To my Lord Godolphin, one of the Lord justices, and first Commissioner of the Treasury
Link to the Encyclopedia : Electoral Sociability
Wittnesse the; confus'd, debauch'd, & riotous manner of electing Members qualified to become the representatives of a Nation, with' legislative power to dispose of the fate of kingdomes; which should & would be compos'd of worthy persons, of known integritie & ability in their respective countries, and still would serve them generously, & as their ancestors have don, but are not able to fling away a son or daughter's portion to bribe the votes of a drunken; multitude, more resembling a pagan Bacchanalia, than an assembly of Christians & sober men met upon the most solemn occasion that can concerne a people, and stand in competition with some rich scrivener, brewer, banker, or one in some gainfull office, whose face or name, perhaps, they never saw or knew before. How, my Ld, must this sound abroad !
With what dishonor & shame at home! To this add the disproportion of the Buroughs capable of electing members, by which the major part of the whole kingdom are frequently out-voted, be the cause never so unjust, if it concerne a party interest.
Will ever those swarmes of locusts, Lawyers & Attorneys, who fill so many seats, vote for a publiq Register, by which men may be secured of their titles & possessions, & an infinity of suits & frauds prevented ?
Im'oderate fees, tedious & ruinous delays, & tossings from court to court before an easy cause, which might be determin'd by honest gentlemen & understanding neighbours, can come to any final issue, may be number'd amongst the most vexatious oppressions that call aloud for redresse.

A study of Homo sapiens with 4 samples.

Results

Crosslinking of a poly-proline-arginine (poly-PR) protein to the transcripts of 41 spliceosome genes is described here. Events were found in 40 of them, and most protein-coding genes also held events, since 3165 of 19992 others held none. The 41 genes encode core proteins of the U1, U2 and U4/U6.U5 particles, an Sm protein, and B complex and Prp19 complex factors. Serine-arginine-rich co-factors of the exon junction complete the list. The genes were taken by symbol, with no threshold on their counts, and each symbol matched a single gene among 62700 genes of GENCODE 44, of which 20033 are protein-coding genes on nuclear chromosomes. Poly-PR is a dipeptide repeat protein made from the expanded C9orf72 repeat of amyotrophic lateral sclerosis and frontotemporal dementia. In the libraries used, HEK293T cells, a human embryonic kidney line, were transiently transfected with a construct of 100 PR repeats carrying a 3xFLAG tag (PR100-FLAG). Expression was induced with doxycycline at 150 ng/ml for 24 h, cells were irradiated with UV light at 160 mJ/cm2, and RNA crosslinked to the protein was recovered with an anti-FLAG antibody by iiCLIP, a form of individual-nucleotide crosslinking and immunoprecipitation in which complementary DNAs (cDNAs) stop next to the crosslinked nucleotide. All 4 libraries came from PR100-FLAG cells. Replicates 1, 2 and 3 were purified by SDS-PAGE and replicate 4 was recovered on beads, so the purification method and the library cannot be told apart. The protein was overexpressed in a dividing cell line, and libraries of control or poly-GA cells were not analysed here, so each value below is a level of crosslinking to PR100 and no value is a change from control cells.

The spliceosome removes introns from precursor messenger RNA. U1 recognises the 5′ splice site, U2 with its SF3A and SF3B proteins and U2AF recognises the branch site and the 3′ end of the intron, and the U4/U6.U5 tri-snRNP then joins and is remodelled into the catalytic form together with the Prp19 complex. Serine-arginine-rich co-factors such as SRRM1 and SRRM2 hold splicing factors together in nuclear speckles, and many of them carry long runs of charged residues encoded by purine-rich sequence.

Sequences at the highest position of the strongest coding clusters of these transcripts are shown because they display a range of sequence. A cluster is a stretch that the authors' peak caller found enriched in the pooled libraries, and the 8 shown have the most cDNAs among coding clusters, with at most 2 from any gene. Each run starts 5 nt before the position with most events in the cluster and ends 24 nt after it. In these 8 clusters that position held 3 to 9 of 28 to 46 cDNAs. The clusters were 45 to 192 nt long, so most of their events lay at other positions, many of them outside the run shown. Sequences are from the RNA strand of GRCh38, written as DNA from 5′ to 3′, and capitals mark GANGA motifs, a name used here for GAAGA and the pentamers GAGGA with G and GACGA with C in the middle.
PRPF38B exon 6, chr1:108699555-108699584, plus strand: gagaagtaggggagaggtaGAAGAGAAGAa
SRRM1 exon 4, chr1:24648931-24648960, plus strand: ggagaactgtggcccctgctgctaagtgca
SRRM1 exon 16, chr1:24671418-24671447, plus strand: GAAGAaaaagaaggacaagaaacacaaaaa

The; want of bodys (slaves) for publiq & laborious works, to which many sorts of animals might be usefully condemn'd, and some reform'd instead of sending them to the; gallows, deserves to be consider'd.
These, & the like are the greate desiderata (as well as the reformation of the Coine), which are plainely wanting to the; consu'mate felicity of this Nation; and divers of them of absolute necessitie to its recovery from the atrophy & consumption it labours under.
The; King himselfe should (my Lord') be acquainted with these particulars, & of the; greate importance of them, by such as from their wisedome & integrity, deserve the neerest accesse, and would purchase him the hearts of a free & emancipated people, & a blessing on the government; were he pleas'd uncessantly to recommend them to those, who, from time to time, are call'd together for these ends, & healing of the nation.
Text taken from John Evelyn and William Bray. Memoirs, Illustrative of the Life And Writings of John Evelyn ...: Comprising His Diary, From the Year 1641 to 1705-6, And a Selection of His Familiar Letters. To Which Is Subjoined, the Private Correspondence Between King Charles I. And His Secretary of State, Sir Edward Nicholas, Whilst His Majesty Was In Scotland, 1641, And At Other Times During the Civil War; Also Between Sir Edward Hyde, Afterwards Earl of Clarendon, And Sir Richard Browne, Ambassador to the Court of France, In the Time of King Charles I. And the Usurpation. The Whole Now First Published From the Original Mss. In Two Volumes. Second edition. London: Printed for Henry Colburn... : and sold by John and Arthur Arch... , 1819, p. 277-278. Full text in HathiTrust.
Picture: William Hogarth, Triumph of the Deputies, oil on canvas, 1754-1755. Sir John Soane's Museum. Wikimedia Commons.